CANTON — A cousin of the elderly woman discovered buried near her husband behind a mobile home in the town of Stockholm said her family is left hurt and filled with questions.

Remains unearthed Friday and Monday at 733 May Road have been positively identified by state police as those of Betty D. Babcock, 82, and her husband, Alvin S., 84. What began as a welfare fraud investigation last week led police to search for the bodies of Mr. and Mrs. Babcock, whose relatives say they had lost contact with the couple two years ago.

The mobile home was occupied most recently by Robert Bartlett, who cousins of Mrs. Babcock described as an acquaintance of the couple. Mr. Bartlett had been a neighbor of the Babcocks in Bombay, and the couple moved into the Stockholm trailer with Mr. Bartlett, his wife and his mother, according to Mrs. Babcock’s cousin Mary J. Proper, of Cadyville.

“I find it funny. Why would someone bury somebody like that, anyway?” Mrs. Proper said in a telephone interview Tuesday. “If they died naturally — I know they weren’t young — but if something happened to them, he should have let someone know.”

The trailer is now vacant; Mr. Bartlett was undergoing mental health evaluation in Ogdensburg as of late last week. No charges have been brought in the matter, state police said.

The search for the bodies distressed Mrs. Babcock’s cousins, and the identification of the remains has only raised more unanswered questions for the family.

“That is what bothers me, not being able to know if they were abused,” Mrs. Proper said. “I just hope and pray that it wasn’t something that he did to them.”

“She was the only one we had left in the family,” she said. The Babcocks had no children.

Mrs. Proper said Mr. Bartlett, who used to drive the Babcocks on errands, should have known they had family in the area, including Mrs. Proper’s brother, William A. Lamica, who lives in Malone.

“That’s what we can’t figure out. Why didn’t he let the family know?” Mrs. Proper said. “Betty must have told him that she had relatives around the area. We have all been upset since we found out, and it just doesn’t make any sense.”

The Babcocks always stayed close to where their family lived, and they often visited Mr. Lamica, Mrs. Proper said.

Mr. Lamica could not be reached Tuesday night, but in an earlier interview said the last time he saw his cousin was two years ago, when Mrs. Babcock stopped at his house before taking her husband to a Plattsburgh hospital to have his leg amputated. She gave him a kiss, he hugged her, and he never heard from her again, he said.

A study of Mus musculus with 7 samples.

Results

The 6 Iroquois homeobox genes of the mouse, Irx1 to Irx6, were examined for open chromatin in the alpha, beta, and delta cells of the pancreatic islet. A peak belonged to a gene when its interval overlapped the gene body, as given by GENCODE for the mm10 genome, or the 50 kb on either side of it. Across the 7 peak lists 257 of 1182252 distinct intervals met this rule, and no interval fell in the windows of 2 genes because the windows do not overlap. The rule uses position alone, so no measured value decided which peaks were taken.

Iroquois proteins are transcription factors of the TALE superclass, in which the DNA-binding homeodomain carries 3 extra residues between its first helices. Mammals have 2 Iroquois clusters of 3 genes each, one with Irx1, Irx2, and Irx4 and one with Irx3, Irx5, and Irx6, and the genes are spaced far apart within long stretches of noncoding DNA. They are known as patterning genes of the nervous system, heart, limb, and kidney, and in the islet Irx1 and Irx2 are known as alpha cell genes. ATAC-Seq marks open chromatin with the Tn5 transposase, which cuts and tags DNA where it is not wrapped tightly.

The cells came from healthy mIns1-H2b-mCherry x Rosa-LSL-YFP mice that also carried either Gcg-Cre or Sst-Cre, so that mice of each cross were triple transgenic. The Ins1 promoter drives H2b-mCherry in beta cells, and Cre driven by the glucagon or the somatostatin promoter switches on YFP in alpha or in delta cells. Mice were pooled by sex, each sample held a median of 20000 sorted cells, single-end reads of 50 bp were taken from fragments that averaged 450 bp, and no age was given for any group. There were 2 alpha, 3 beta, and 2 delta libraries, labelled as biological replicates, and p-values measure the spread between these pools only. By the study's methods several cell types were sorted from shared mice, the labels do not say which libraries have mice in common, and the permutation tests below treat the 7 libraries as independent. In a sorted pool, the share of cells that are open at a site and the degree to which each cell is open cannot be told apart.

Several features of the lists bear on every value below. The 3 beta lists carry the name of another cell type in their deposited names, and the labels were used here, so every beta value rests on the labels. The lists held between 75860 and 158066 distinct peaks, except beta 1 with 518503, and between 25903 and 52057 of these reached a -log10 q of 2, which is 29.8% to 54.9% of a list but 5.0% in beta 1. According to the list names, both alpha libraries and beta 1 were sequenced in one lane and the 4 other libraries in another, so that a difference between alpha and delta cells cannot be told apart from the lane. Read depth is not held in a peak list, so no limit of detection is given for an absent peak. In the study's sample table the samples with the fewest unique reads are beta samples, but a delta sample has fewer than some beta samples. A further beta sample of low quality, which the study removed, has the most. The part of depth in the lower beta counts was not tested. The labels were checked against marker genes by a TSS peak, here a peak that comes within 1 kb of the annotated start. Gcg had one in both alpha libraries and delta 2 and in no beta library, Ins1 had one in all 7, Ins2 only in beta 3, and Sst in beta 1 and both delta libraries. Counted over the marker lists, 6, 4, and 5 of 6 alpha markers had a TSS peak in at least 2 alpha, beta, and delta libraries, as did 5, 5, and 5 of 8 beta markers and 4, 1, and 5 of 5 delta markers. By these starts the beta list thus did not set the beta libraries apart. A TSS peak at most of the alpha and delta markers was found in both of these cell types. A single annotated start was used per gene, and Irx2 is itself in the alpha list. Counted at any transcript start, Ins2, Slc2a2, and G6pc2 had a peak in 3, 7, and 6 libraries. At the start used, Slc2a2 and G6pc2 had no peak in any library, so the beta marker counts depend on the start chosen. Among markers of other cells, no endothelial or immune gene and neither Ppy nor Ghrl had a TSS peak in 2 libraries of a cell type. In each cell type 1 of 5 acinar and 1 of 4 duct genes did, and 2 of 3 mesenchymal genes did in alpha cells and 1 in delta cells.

“This has been hard on him, and he is quite upset,” Mrs. Proper said. “He was very close with Betty. He is probably out making plans for services.”

Mrs. Proper said the family is planning a service in Malone followed by cremation of the remains, which will either stay with Mr. Lamica or be buried in Tupper Lake with Mrs. Babcock’s mother.

“They didn’t deserve this,” Mrs. Proper said. “Betty and Al were really good people, and they never did anything bad or wrong to anybody. … They are just very trusting of other people. That’s the way they are.”

Autopsy results are still pending to determine how the Babcocks died, St. Lawrence County District Attorney Mary E. Rain said. The first body, uncovered Friday in a concrete-lined box, was that of Mrs. Babcock, and Mr. Babcock’s body was discovered Monday night in nothing but a blanket, she said.

State police Lt. John R. Coryea said once the autopsy comes to a conclusion and it receives the report, the Violent Crimes Investigation Team will know which direction to take in its investigation.

“We’re looking for the pathologist to determine the cause of death and the coroner to determine manner or circumstances of death, that is, if it was accidental, natural or homicide,” Mr. Coryea said.

State police are remaining at 733 May Road to hold security as it is still an open investigation, state police Troop B spokeswoman Trooper Jennifer V. Fleishman said.

“It’s an excavation site where we are set up with forensic investigators and we are maintaining it until they find everything they need to find,” she said.